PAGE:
There are ballet schools and teachers for everyone — from the tiny, three-year-old aspiring ballerinas to the serious students looking to improve their already sharp skills. Among the variables to consider for each school are the syllabus, the schedule, and the pricing. This guide will help you determine what you or your child is looking for in a training program. It will also arm you with necessary questions to ask potential teachers.

Age-Appropriate Training

Pre-professional training really begins between the ages of 8 and 10. Dancers will attend ballet technique classes between two and six days per week for multiple hours each class. Choosing a school that suits your child’s learning style is crucial.

Ballet classes are meant to expose the youngest of dancers to the joy of movement. Many traditional ballet schools offer pre-ballet and elementary classes for the youngest of students. It is likely that these schools will be fairly structured and disciplined, introducing students to ballet technique and musicality.

Some younger, budding ballerinas can be intimidated by the rigidity of professional ballet schools. In this case, it is not a bad idea to try a more recreational studio, or a community center or gym that holds ballet classes. The more playful and imaginative classes offered at such studios can often be the perfect way to get children hooked on the magic of dancing. From there, if your child decides he/she loves ballet, there is plenty of time to transition to a more serious school.

Faculty

Be sure to do your research when choosing a school. Go online or get brochures. Better yet, read reviews under the Studios tab on isport.com! You’ll also want to read biographies of all faculty and staff members. Ideally, you’ll want the instructors to have professional performing experience in addition to teaching experience.

Also find out where each instructor has trained, danced, and taught in the past, and if he or she has placed former students in professional companies or university programs. All of this will dictate an instructor’s expertise and ability to prepare students for careers in dance.

Cost

Tuition at ballet schools can be high. If you throw in the cost of leotards, shoes, tights, costumes, and even summer programs, it can add up very quickly. Make sure you take this into consideration when choosing a school. If you find a place that works well for your needs, but is out of your price range, ask about scholarship programs or work-study exchanges.

Location

The location of your ballet school is very important, as you will likely be within its walls multiple times per week. Here are a few things to consider in regards to location:

  • Is the school in a safe neighborhood?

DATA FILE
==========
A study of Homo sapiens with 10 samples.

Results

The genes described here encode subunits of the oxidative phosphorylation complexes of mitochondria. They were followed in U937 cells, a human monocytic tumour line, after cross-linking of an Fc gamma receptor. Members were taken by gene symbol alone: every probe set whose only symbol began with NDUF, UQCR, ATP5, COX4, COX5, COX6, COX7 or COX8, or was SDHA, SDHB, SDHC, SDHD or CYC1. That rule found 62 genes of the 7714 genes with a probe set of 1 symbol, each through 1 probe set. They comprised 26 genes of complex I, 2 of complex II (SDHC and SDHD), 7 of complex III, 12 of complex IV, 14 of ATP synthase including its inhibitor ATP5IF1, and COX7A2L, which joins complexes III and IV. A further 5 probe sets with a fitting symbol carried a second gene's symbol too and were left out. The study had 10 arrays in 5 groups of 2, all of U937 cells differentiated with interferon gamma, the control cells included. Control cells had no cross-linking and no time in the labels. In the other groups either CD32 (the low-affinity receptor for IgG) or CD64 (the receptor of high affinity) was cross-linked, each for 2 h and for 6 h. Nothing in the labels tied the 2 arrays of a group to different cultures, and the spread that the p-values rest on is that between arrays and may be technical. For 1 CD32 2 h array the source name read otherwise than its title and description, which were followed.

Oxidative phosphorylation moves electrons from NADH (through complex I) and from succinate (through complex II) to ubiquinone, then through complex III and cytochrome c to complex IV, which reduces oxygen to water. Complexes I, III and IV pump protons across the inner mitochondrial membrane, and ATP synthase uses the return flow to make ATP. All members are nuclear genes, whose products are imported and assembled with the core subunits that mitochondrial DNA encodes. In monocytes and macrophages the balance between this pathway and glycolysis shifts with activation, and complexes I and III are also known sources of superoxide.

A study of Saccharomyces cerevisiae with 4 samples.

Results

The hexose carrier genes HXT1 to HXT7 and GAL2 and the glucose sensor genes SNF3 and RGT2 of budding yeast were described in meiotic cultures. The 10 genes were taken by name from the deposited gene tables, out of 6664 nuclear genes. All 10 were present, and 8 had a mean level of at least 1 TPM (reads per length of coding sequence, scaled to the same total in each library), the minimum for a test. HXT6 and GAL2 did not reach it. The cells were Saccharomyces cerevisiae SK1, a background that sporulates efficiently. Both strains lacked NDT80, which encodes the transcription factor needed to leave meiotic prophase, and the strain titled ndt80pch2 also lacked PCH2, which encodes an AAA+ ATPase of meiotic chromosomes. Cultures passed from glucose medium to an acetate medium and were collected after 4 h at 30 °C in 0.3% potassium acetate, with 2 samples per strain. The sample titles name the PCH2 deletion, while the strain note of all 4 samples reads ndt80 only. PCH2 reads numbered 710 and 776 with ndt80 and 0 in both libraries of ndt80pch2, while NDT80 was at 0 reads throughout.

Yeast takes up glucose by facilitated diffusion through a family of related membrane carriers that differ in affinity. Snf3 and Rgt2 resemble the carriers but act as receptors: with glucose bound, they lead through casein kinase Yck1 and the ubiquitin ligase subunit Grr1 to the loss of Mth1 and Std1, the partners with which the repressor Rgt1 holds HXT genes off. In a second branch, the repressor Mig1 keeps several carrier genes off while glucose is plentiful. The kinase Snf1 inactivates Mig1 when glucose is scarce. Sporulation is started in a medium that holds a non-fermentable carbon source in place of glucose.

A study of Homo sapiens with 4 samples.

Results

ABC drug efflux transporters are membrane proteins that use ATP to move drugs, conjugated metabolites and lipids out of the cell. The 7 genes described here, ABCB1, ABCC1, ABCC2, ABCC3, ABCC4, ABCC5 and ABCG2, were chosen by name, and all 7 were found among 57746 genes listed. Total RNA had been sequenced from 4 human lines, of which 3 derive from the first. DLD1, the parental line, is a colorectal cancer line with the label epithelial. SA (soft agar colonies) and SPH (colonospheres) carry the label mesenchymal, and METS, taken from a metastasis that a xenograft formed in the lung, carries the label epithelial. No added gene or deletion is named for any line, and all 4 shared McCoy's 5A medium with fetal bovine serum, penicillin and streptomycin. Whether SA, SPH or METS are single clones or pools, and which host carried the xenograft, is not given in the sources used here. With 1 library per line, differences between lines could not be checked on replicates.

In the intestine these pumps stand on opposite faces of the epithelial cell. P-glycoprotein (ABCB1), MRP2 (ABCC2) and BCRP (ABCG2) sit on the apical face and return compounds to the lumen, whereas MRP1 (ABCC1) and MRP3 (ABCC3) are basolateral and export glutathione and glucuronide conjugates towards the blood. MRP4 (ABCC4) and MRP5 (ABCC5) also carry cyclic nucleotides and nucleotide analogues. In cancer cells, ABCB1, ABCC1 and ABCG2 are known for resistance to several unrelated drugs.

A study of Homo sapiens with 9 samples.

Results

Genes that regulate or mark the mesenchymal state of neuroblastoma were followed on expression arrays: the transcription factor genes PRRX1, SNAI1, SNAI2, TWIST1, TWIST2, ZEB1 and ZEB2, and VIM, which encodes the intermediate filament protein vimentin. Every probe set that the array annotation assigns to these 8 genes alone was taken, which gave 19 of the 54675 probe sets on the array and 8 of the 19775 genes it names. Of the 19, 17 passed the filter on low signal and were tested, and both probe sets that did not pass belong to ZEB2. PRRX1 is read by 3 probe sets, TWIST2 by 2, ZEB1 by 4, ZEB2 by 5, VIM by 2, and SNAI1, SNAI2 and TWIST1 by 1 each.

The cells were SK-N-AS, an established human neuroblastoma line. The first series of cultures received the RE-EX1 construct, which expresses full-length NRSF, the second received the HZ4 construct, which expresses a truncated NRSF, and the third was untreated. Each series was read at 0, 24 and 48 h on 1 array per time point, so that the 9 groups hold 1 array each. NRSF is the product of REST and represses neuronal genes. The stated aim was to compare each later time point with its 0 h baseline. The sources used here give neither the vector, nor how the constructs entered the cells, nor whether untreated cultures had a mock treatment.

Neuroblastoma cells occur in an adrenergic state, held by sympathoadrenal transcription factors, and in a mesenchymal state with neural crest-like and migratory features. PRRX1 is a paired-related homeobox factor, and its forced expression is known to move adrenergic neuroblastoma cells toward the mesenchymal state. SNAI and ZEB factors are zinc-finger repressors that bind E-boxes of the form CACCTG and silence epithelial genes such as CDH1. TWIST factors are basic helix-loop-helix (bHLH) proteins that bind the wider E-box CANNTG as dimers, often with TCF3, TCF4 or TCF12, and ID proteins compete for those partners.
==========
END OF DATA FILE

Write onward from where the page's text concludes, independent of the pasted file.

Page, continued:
• Is it accessible by public transportation?
  • How long will it take to get there?
  • What is the parking situation like?

School Culture

Ballet schools have a reputation for being strict. Dress codes, attendance policies, and expectations within the classroom all factor into the learning environment for classical ballet. That being said, some studios are stricter than others. When looking into a school, ask to see a handbook on policies and guidelines. Make sure that their code of conduct is something you and your child can accept. While some dancers flourish under stringent rules, others may need more open and nurturing environments.

Hot Tip: Home Away from Home

Ballet schools can be a great place for cultivating lasting friendships. While you are visiting a school, try to get a feel for the environment outside of the studio. You want the students and parents to be friendly with each other. Strike up a conversation with those who have been a part of the school for a while and ask about their experiences.

Ask Questions

Here are a few questions you will want to have answered before you or your child enrolls in a new ballet school:

  • Is acceptance by audition only?
  • What performance opportunities are available?
  • Are there parent-teacher conferences?
  • How many hours a week are expected of the students?
  • Can parents observe classes at any time during the school year?
  • Is there a summer program?
  • Does the school offer health and nutrition seminars?
  • How many students are in each class?

Observe a Class

Once you think you have found a potential school, ask to watch a class. Here are a few things to note while observing:

  • How hands-on is the instructor? A competent ballet teacher will be correcting dancers verbally, and making physical adjustments when necessary.
  • Are the students encouraged to ask questions? While the teacher will be doing the most talking, young dancers should not be afraid to speak up when they are confused.
  • Is the class inclusive? Although a teacher cannot be expected to watch all of the students all of the time, notice if he/she is correcting and coaching everyone, rather than singling out a select few. All dancers should receive equal attention.
  • Does the teacher seem knowledgeable? A competent ballet teacher will be fluent in balletic terms and able to convey the information verbally, visually, and, kinesthetically.

Check In

Ballet can be a rewarding and positive activity, regardless of whether a dancer makes it into the professional world. Given the amount of time, hard work and focus it takes to become a ballet dancer, check with your child about his or her experiences. While it is wonderful to be pushed to attain one’s potential, young dancers can burn out from feeling too much pressure. Retaining a healthy self image and building self-esteem are just as important as doing triple pirouettes!

The school at which you train determines the type of ballet dancer you will become. Read this guide for tips on choosing a learning environment that suits your goals.